Soccer’s World Cup final is coming up today, but on Thursday, the Finger Lakes region claimed a victory that means more to our area and our way of life than anything France or Croatia can stir up on a soccer pitch in Russia. Besides, that game will last 90 minutes or so; the FL’s battle took 10 years.
State DEC Commissioner Basil Seggos delivered the telling blow Thursday, announcing that the Department of Environmental Conservation would be denying a permit for Finger Lakes LPG Storage — known better on your scorecard as Crestwood Midstream — to move forward with its proposed plan to store 88.2 million gallons of liquefied petroleum gas in abandoned salt caverns alongside Seneca Lake.
Score it 1-0 in favor of the Finger Lakes and its agritourism-based economy against the giant, big-moneyed, Texas-based energy corporation.
As Yvonne Taylor, vice president of Gas Free Seneca — one of a number of all-volunteer, grassroots organizations and coalitions that sprang to life to oppose the ill-conceived project — said: “Don’t ever let anyone tell you that David can’t beat Goliath.”
In his 29-page decision detailing the reasons for the denial, Seggos touched on the attributes that make this area special and that unequivocally need to be protected — namely the character of the region, the environmental setting and sensitivity of the Finger Lakes and the local and regional economic engines of wine, agriculture and tourism.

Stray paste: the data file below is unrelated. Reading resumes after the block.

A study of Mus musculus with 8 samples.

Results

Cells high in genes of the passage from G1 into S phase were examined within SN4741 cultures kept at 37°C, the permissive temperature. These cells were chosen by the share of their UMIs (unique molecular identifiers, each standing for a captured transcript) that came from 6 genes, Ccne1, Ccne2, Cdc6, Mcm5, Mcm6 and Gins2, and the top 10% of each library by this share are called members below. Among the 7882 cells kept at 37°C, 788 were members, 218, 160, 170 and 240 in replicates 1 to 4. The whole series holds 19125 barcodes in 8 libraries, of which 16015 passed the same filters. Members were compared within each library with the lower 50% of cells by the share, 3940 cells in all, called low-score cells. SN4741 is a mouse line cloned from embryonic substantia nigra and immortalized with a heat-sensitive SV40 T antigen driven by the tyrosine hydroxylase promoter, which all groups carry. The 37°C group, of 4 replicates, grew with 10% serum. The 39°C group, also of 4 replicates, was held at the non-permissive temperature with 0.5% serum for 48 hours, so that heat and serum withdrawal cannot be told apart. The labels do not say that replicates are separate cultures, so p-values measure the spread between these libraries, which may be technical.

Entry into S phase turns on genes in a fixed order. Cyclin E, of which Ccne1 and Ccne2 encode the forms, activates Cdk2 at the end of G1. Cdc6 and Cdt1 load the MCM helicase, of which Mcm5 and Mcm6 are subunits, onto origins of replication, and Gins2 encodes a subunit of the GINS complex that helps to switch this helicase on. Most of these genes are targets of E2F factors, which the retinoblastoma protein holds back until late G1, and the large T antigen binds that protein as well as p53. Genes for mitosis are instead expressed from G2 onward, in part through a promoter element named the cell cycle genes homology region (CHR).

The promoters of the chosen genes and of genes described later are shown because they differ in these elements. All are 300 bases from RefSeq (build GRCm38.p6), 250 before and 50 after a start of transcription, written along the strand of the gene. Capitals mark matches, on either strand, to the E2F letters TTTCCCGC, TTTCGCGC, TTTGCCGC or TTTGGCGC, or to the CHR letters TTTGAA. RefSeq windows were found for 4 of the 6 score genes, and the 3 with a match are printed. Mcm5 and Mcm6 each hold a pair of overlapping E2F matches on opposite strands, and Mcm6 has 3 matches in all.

“The significant adverse impacts on community character are not outweighed or balanced by social, economic or other considerations and cannot be minimized to the maximum extent practicable,” Seggos wrote of the Crestwood plan.
Don’t get us wrong, we’re not against development. However, we believe strongly in responsible development that not only benefits the area’s economy and its workforce but also falls in line with the essence of the Finger Lakes, the pristine lakes, the rolling hills and farmland, the farm-to-table movement, the wineries, distilleries and craft breweries that are popping up like wildfire.
Crestwood’s plan did not fit that idyllic, iconic FL vision.
It would have created only a handful of jobs — while putting tens of thousands of tourism and agricultural jobs at risk. It wouldn’t even have provided much more propane gas for area consumers. And most importantly it called for using old, abandoned salt caverns that many deem not suitable for that purpose. The plan was impractical and shortsighted at best and dangerous at worst.
It also was opposed by not only Gov. Cuomo but by over 450 Seneca Lake property owners, over 500 local and regional businesses, including several local wineries and craft beverage facilities, and 32 municipalities representing 1.2 million Finger Lakes residents.
Appropriately, the ruling was made as hundreds of volunteers and thousands of athletes prepared for one of the events that celebrates all of those good things about the Finger Lakes: this weekend’s 15th annual Musselman Triathlon in Geneva.
Will Ouweleen, local vintner and co-founder of Finger Lakes Wine Business Coalition, celebrated the decision by saying that it would protect and preserve “our legacy businesses” and ensure that the Finger Lakes way of life can be passed on “from generation to generation.”
“With over 20 percent of Finger Lakes wineries running on solar power, renewable energy is the future to energy independence for the great state of New York,” he said. “We are not the gas and garbage dump for America.”
“This is truly a great day for our region,” Taylor continued. “We raise a glass of Finger Lakes bubbly to all who have worked so hard in our region.”
We join in that toast.
And now, with that hurdle cleared, let’s see what France and Croatia can muster.